Moderna Inc's experimental COVID-19 vaccine is more stable than expected at temperatures that ordinary refrigerators can provide and can be distributed using existing cold-chain shipping and storage infrastructure.

That opens the door for its early use in hard-to-reach places that might not be appropriate for Pfizer Inc's vaccine, which needs ultra-cold storage.

Why has access to life-saving vaccines been so unequal and could the coronavirus pandemic lead countries to unite around an affordable vaccine?

Even before COVID-19 hit, access to vaccines was deeply unequal with around 20 million children not receiving vaccines that could save them from serious diseases, death, disability, and ill health, according to the World Health Organization (WHO).

The cost of vaccinating a child against diphtheria, whooping cough, hepatitis B, tetanus, pneumonia, polio, and rotavirus was $15.90 in 2018, according to Gavi, the Vaccine Alliance.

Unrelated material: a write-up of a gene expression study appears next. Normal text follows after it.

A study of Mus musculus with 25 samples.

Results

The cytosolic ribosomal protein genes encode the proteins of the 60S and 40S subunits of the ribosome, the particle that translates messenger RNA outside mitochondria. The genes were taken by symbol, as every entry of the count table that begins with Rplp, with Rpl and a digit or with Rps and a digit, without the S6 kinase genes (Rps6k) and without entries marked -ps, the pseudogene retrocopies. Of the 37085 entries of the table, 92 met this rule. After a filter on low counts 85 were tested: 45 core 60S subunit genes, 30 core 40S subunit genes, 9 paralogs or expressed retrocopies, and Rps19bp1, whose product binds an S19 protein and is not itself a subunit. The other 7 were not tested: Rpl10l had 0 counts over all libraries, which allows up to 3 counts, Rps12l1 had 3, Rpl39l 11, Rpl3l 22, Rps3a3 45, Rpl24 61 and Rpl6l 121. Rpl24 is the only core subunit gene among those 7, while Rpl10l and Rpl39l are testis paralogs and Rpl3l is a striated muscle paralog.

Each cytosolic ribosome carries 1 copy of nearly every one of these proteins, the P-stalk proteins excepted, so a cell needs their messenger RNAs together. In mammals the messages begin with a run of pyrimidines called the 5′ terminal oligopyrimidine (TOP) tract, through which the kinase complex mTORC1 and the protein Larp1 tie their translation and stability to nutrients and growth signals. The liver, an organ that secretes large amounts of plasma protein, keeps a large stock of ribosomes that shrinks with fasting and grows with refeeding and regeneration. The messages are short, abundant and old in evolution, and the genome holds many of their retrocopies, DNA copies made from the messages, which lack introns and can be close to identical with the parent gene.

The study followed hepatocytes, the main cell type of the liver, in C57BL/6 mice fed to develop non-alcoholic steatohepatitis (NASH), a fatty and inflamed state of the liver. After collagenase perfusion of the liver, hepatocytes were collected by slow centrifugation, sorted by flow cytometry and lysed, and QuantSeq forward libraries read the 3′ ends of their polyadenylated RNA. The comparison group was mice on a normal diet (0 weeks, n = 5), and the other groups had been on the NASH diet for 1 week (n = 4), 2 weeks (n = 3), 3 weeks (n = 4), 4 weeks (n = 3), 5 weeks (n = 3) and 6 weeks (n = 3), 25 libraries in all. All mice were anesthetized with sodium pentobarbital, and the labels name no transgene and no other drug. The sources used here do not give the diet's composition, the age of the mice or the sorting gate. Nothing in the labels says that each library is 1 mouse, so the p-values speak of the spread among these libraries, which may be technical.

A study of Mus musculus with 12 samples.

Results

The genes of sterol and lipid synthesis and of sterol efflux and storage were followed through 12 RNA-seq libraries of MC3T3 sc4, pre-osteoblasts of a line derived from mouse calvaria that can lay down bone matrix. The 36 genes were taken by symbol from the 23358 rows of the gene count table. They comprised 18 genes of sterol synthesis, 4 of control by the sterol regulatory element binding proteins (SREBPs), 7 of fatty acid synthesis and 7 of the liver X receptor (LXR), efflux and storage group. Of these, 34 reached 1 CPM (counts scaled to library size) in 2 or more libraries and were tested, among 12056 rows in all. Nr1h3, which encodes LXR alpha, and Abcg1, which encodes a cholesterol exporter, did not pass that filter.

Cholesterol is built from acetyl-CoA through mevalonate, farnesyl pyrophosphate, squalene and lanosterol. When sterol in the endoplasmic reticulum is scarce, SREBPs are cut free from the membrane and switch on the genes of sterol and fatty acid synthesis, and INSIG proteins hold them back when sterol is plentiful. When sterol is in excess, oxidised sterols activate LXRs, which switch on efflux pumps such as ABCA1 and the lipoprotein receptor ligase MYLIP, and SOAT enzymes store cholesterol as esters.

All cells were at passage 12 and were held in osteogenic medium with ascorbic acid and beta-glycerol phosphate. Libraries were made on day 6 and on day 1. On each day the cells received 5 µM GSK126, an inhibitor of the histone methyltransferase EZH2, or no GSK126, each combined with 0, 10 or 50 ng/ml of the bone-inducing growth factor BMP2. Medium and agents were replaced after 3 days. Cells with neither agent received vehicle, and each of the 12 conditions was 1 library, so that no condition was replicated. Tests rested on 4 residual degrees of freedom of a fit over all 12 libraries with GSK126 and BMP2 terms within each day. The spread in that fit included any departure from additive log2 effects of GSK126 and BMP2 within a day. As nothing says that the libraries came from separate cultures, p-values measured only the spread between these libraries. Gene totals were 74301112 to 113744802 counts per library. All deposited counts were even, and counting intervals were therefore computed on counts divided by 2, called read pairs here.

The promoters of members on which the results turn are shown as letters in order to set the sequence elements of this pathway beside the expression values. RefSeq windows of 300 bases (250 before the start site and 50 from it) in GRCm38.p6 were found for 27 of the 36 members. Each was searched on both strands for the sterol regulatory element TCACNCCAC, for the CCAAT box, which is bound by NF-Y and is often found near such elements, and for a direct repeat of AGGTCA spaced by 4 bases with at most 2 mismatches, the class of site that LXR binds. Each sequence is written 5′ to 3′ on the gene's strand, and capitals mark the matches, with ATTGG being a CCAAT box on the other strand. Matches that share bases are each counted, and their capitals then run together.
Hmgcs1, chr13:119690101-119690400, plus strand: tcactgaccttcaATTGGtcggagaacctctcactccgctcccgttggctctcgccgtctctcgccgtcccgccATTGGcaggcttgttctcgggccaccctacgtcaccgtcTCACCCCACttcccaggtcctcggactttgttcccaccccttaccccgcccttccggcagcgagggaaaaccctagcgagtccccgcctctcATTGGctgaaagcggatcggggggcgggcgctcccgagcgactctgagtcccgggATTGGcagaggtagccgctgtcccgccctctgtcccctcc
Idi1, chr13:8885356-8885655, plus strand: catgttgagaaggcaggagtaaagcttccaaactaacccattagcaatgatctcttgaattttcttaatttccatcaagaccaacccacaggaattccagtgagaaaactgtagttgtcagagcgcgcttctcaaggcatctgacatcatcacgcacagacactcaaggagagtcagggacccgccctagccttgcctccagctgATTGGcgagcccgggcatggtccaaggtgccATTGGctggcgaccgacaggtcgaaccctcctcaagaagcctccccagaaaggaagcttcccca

While this may not seem much, this is still beyond the reach of many poor households.

Many poor countries lack reliable electricity and cold storage, two elements crucial to keep vaccines effective, and sometimes there are not enough healthcare professionals to administer the vaccines.

The stability of a country also plays an important role in whether people can access vaccines.

For example, two-thirds of unvaccinated children live in fragile countries or those affected by conflict, according to UNICEF.

Read the full article about COVID-19 vaccine inequality by Thin Lei Win and Tom Finn at Global Citizen.